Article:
On August 11, 2014, the New Jersey Opportunity to Compete Act, aka “Ban the Box,” was signed into law prohibiting most employers from inquiring about an applicant’s criminal background history during the initial hiring process.
On August 11, 2014, the New Jersey Opportunity to Compete Act, aka “Ban the Box,” was signed into law prohibiting most employers from inquiring about an applicant’s criminal background history during the initial hiring process. The purpose of the Act is to “improve the economic viability, health, and security of New Jersey communities and to assist people with criminal records to reintegrate into the community, become productive members of the workforce, and to provide for their families and themselves.”
Does the Opportunity to Compete Act apply to my company?
If your company does business or takes applications for employment in the State of New Jersey, and employs fifteen (15) or more employees over twenty (20) calendar weeks a year, it is likely the Act applies to your business.
Are there any exceptions to asking for an applicant’s criminal background during the application process?
Where a criminal background check is required by law, rule, or regulation, the employer may “keep the box.” The Act provides that applications for law enforcement, correction, homeland security or emergency management, and the judiciary positions are exceptions, just to name a few.
What does the law consider an application?
An employment application is a “form, questionnaire or similar document or collection of documents that an application for employment is required by an employer to complete.”
My company’s current job application asks if the applicant has been convicted of a felony. Do I need to redo the application?
Unless you fit one of the exceptions, the language or box must be removed. During the initial employment application process, the employer cannot require an applicant to complete an application that inquires about the applicant’s criminal record. This requirement includes both written and oral inquiries. However, if an applicant voluntarily discloses any information regarding his/her criminal record during the initial application process, then the employer may question the applicant about the record.
What does the Act consider a “criminal record?”
Criminal record is broadly defined to include “identifiable descriptions and notations of arrest, detention, indictments, or other formal criminal charges, and any disposition arising therefrom, including acquittal, sentencing, correctional supervision, release or conviction, including, but not limited to, any sentence arising from a verdict or plea of guilty or nolo contender, including a sentence of incarceration, a suspended sentence, a sentence of probation, or sentence of conditional discharge.”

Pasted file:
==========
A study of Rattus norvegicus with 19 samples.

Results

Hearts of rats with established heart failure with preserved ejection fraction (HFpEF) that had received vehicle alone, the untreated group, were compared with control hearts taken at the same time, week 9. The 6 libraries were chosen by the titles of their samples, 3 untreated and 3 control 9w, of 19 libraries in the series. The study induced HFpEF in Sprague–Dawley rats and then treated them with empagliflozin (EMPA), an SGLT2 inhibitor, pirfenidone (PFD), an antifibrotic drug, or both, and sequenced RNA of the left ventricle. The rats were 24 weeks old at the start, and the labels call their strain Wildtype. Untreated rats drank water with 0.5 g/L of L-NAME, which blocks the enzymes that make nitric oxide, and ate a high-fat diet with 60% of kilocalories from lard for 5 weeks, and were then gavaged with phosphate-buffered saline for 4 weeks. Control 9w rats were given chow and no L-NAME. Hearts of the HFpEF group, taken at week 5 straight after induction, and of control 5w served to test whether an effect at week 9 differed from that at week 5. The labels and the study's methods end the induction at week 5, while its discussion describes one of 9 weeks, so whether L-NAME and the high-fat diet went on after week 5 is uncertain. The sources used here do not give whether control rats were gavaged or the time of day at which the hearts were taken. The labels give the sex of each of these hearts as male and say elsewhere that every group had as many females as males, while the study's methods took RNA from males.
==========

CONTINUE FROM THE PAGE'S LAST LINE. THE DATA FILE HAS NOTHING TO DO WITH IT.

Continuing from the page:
Can I inquire about an applicant’s criminal background at any time at all before hiring the candidate? All employers are permitted to inquire about an applicant’s criminal background “after the initial employment application process has concluded.” This means that companies may inquire after a candidate has been interviewed and offered a conditional offer of employment. The idea behind the Act was to have employers focus on skills and other qualifications first before screening candidates for other history.
Interestingly, the Act does not “preclude an employer from refusing to hire an applicant for employment based upon the applicant’s criminal record, unless the criminal record or relevant portion thereof has been expunged or erased through executive pardon,” and so long as the decision not to hire is “consistent with other applicable, laws, rules or regulations.”
Are there penalties for violating the Act?
Yes. The New Jersey Department of Labor and Workforce can impose a penalty no to exceed $1,000 for the first violation, $5,000 for the second violation and $10,000 for each subsequent violation. However, an applicant does not have an individual right to sue.
When is the effective date of the prohibition? The New Jersey Opportunity to Compete Act goes into effect March 1, 2015. This Act, along with several other legal changes, may require an update of an employer’s employee manual and/or policies and procedures. Employers should also review any job advertisements, applications, and other hiring related documents. All company interviewers should receive training to avoid inappropriate questions during the interview.
We encourage all our clients to update their manual and policies and procedures at least every two years to keep up with changing laws and requirements. Our Labor and Employment Department keeps up with the changing laws, rules and regulations, and can assist you with this endeavor.